Researchers at UAB have found that combining a calorie-restricted diet with high-intensity interval training could be a solution for reducing weight regain after weight loss.
"One of the problems when you restrict calories on a diet is that you lose muscle mass, and as a result, your metabolism slows down to accommodate the restriction of food," said Eric Plaisance, PhD, assistant professor of exercise science in the UAB School of Education. "80 percent of people who lose weight by dieting gain all of it back in a four- to five-year period."
Moderate-intensity exercise, such as a brisk walk or dancing, has been shown to reduce the lowering of one's metabolic rate while restricting calories. In a study published in the American Journal of Physiology, the UAB research team found that in the presence of a calorie-restricted diet, high-intensity exercise training preserved muscle mass and had a greater impact on the way the body uses glucose for energy in mice.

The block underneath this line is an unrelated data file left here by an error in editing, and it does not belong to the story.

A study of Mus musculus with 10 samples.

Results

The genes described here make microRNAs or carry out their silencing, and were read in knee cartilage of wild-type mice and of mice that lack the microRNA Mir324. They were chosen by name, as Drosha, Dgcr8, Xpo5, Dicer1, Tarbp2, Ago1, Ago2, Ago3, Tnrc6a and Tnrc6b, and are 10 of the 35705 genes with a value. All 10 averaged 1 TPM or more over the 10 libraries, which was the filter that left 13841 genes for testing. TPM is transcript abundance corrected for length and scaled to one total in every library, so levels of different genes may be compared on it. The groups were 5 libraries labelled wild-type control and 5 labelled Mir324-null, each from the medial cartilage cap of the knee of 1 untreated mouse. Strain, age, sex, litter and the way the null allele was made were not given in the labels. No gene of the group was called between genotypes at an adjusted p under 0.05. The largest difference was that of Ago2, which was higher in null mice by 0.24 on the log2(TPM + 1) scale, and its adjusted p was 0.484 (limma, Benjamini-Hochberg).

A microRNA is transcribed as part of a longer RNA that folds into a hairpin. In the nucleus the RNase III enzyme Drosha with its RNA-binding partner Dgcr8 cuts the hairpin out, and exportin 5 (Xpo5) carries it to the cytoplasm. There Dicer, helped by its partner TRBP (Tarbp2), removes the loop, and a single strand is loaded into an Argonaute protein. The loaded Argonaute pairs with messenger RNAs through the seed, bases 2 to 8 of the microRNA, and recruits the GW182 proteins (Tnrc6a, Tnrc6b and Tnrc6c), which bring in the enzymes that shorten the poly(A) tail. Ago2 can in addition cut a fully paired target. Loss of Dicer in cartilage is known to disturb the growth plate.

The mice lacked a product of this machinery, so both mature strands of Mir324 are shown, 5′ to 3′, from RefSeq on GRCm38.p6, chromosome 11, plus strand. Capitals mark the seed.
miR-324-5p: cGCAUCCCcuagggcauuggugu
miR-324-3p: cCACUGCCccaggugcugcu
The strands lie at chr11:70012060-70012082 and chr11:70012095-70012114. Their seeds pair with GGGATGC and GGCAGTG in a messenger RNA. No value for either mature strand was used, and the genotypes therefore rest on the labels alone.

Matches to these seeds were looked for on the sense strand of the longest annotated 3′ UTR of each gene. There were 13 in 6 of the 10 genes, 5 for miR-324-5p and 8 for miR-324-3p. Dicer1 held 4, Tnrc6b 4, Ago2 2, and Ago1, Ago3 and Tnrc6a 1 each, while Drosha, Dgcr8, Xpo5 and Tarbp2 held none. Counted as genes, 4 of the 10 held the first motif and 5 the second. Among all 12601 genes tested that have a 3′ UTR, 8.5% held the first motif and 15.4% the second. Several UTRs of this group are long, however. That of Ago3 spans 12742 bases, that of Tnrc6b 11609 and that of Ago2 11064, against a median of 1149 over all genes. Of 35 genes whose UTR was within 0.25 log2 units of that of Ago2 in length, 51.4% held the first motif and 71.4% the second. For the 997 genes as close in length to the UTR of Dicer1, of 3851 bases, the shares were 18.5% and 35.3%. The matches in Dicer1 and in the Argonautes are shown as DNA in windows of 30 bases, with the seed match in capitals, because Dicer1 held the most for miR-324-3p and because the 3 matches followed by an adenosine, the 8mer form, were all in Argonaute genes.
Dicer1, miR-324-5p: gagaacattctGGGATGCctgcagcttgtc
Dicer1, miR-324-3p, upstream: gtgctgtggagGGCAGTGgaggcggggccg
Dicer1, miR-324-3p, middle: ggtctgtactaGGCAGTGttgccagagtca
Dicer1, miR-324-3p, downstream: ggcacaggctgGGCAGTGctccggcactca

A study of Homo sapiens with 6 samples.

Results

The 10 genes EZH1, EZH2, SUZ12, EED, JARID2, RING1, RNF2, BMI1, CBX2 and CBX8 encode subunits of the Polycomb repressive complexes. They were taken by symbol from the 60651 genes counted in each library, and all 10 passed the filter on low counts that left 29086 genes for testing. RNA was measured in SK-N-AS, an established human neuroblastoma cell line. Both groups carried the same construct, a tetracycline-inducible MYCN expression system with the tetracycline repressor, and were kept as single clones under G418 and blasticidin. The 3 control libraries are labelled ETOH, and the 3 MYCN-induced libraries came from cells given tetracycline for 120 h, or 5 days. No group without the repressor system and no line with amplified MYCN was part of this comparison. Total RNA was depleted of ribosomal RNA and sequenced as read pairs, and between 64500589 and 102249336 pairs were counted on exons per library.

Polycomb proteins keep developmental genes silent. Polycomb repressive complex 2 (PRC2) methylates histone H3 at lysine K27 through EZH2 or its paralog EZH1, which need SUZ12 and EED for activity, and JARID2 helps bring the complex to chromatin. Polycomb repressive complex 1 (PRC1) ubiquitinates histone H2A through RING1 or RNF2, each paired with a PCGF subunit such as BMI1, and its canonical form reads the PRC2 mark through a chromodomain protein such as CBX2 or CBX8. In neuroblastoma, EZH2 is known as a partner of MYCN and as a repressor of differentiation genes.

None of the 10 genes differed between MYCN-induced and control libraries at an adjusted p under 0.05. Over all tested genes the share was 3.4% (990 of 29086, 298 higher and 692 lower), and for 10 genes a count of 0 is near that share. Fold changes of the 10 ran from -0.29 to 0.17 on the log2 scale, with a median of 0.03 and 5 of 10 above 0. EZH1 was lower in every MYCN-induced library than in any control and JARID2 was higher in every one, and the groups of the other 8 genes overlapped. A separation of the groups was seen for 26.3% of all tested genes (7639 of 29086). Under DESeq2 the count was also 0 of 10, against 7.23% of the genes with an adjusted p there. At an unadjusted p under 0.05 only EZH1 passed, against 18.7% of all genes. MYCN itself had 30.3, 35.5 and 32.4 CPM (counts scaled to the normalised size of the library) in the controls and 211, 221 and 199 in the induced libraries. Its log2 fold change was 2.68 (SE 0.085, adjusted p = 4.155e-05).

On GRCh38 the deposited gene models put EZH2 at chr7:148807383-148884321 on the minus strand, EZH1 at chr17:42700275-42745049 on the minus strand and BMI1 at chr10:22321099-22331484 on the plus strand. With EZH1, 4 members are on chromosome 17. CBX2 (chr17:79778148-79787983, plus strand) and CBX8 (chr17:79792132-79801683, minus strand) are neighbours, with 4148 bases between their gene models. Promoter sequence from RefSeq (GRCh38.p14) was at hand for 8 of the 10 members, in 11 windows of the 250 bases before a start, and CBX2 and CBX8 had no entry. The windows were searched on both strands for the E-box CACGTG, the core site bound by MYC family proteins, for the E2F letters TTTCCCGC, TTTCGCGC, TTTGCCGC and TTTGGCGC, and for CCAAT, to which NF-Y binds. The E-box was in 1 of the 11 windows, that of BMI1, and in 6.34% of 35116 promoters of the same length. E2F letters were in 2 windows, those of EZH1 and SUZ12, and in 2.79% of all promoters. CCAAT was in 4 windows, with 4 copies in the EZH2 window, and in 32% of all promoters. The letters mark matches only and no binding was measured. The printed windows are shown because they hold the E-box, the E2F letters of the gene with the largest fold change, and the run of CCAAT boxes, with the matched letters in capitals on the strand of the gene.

High-intensity interval training is a process in which a person performs near maximal exercise for a short period of time, and then performs two to four minutes of active recovery; for example, if someone is on a treadmill they may go from running to walking. Then the person performs another cycle of near maximal exercise and active recovery and continues to do so for four to five cycles.
Plaisance says previous research shows that continuous moderate intensity exercise does burn more calories, but further studies have shown that people who perform high-intensity interval training seem to produce the same amount of weight loss doing 20 minutes of exercise as those who do 60 minutes of moderate-intensity exercise.
"Most people tell us they do not exercise for lack of time," Plaisance said. "High-intensity interval training takes about a third of the time as a continuous exercise training."